Taemin wrote in the comments a question that seemed like it needed a longer answer so with her permission I’ll post her question below and answer it here.

Taemin commented

I really like the idea of using my own journal as learning material because it is what I would say and it is things i care about. But 3 things ive observed at Lang-8 give me pause:

  1. Less careful correction. Everyone is busy and I see many cases where correctors have done a less than thorough job, letting all kinds of things go I corrected. (Here I’m talking about English corrections so I’m quite sure when I see what should be corrected.)
  2. Corrected to understandable but still not native. I find myself doing this one. Sometimes the original sentence is such a train wreck I should throw it out and start over but out of a desire to not discourage the learner, I try to keep as much of the original sentence as possible and also see other English correctors do the same. The same thing can also happen with a sentence where the original is understandable but fundamentally not the way a native speaker would have approached the same utterance. I don’t find myself making nor do I see other correctors making good corrections in these cases.
  3. WTF corrections by natives. I’ve had natives correct my sentences only to have other natives come and correct back to my original sentence. Try as I might, I can’t fathom this phenomenon.

In light of this, doesn’t the possibility of reinforcing my own mistakes concern you? You obviously spend a lot of time at this so I am curious as to your views.

My answer: These are all very valid concerns. I’ve run into all these troubles using Lang-8 and I’m sure anyone has used Lang-8 even for just a bit has run into similar problems. How much to trust?

I do think though that the problems are surmountable with a couple strategies I employ to get the most out of diary writing and minimize these disadvantages.

  1. Write often. The more I write the more chance I have my mistakes get corrected.  We tend to repeat ourselves often anyway, and we definitely repeat mistakes. Even if a mistake is missed the first day, if we repeat the wrong phrase or sentence structure (which we are bound to do), someone will come along and kindly correct it for us or suggest an alternative explanation.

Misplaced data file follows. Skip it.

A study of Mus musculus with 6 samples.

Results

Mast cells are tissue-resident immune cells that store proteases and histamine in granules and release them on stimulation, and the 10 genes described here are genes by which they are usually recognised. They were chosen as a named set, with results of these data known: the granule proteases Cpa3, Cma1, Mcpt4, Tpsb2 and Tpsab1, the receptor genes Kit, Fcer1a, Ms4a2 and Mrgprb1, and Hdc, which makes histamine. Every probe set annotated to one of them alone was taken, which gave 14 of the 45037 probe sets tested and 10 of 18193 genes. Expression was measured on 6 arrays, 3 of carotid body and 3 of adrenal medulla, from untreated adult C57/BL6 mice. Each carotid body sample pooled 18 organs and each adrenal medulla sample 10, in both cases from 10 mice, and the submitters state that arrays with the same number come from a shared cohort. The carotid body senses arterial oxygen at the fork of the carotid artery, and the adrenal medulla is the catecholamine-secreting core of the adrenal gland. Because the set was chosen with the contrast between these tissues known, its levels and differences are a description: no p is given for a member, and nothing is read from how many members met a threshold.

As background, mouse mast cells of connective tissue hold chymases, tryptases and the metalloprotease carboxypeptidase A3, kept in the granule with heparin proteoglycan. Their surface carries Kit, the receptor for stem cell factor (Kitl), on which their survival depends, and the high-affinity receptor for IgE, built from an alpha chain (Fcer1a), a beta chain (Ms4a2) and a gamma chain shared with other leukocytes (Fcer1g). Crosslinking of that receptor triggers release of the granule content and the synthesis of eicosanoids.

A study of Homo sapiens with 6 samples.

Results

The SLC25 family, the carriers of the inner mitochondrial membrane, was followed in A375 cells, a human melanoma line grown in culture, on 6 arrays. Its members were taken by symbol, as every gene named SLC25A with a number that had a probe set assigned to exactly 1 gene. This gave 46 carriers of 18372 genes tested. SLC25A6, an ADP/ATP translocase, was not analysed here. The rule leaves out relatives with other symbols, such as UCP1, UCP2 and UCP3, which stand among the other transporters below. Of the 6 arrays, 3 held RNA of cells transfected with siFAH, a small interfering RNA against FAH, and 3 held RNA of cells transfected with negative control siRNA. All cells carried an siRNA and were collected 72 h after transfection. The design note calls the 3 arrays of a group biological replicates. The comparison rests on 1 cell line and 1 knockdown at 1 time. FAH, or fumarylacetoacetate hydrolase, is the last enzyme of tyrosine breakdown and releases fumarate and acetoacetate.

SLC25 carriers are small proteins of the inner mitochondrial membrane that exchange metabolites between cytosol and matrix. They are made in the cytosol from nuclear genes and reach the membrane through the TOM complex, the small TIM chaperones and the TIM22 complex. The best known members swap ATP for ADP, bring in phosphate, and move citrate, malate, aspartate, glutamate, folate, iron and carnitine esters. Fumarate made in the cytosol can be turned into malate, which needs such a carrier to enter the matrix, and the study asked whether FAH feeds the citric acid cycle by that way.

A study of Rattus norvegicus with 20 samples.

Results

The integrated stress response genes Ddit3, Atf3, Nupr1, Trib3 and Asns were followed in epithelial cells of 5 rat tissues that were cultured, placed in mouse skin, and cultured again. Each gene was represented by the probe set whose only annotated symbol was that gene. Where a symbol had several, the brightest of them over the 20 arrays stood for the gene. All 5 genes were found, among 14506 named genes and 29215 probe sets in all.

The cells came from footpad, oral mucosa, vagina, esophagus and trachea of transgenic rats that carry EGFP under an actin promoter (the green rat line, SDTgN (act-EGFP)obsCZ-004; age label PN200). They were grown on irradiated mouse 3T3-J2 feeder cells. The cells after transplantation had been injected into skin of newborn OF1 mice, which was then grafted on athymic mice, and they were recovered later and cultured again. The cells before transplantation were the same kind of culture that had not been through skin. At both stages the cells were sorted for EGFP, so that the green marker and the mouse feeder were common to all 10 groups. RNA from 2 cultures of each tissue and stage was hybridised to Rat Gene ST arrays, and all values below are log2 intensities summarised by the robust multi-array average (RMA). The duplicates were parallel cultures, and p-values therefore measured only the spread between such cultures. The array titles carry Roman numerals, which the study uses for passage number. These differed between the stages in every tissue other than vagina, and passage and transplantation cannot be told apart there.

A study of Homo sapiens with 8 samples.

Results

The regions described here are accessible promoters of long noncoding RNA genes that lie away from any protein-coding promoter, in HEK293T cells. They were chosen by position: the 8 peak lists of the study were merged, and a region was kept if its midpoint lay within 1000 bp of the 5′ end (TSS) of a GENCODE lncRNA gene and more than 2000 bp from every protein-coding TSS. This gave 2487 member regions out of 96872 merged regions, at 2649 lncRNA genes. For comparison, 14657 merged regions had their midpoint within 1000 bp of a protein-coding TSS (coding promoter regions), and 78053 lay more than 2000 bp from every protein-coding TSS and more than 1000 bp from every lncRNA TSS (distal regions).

2. Rewrite. Lots of times I’ll incorporate corrections and alternative ways of expressing the same content in a rewritten diary entry which I’ll also post on Lang-8. If the obvious errors have been corrected the first time, native speakers reading the corrected entry will have the incentive to look more carefully at the sentences to see if they are natural or not. Sometimes I do this not only once but two times just to make sure I’ve gotten it exactly right.
  3. Practice discernment. Not every correction is as valuable as the other one. Writing Korean or any other foreign language should be treated just as writing in my mother language. I love having things I’ve written in English read by others for their suggestions and corrections. But I don’t always agree or incorporate all the corrections that are given. Some corrections like obvious grammar, spelling or sentence structure mistakes are easy to accept. For other corrections I have to ask questions such as, Did they understand my original intent?  and Are they conveying it better than I? Native speakers are helpful because they have more knowledge and a better language sense than we do as learners, but they are not gods and there is no need to blindly follow whatever they suggest.
  4. Befriend individual diarists. Befriend individual diarists on Lang-8. Choose some diarists that you enjoy reading or who seem to have a sense for language and style. Correct their diary entries so that they are more natural and native-like and not just grammatically correct. Go through their old diary entries and find mistakes that other native-speakers have missed or not corrected naturally and correct it for them. They will realize that you have thought carefully about your corrections and will reciprocate.
  5. Asking is free. Follow the old adage. Often when asking politely people are more than happy to oblige. I often ask my readers to help me write more naturally, appropriately, or softly/gently (부뜨럽게). Asking is not a full proof method of course, but it signals your willingness to be corrected and your interest in learning the language to a high level.
  6. Write about a variety of topics. Write about a variety of topics. Different kinds of people will be attracted to different types of writing. You are writing a semi-private diary, but you also have an audience and as you write more and more people will come not only to correct your diaries, but also because they enjoy reading them. Attracting a wide variety of readers is also important for getting high quality corrections. Some topics some readers will be able to correct better than others. People who have never prayed in their life are sometimes confused by my prayers but others can guess my meaning more easily and know how to correct me. Likewise if I write about chess, or computers, or gardening readers who have done those things or are interested in those activities often know and are willing to give the correct terminology and expressions.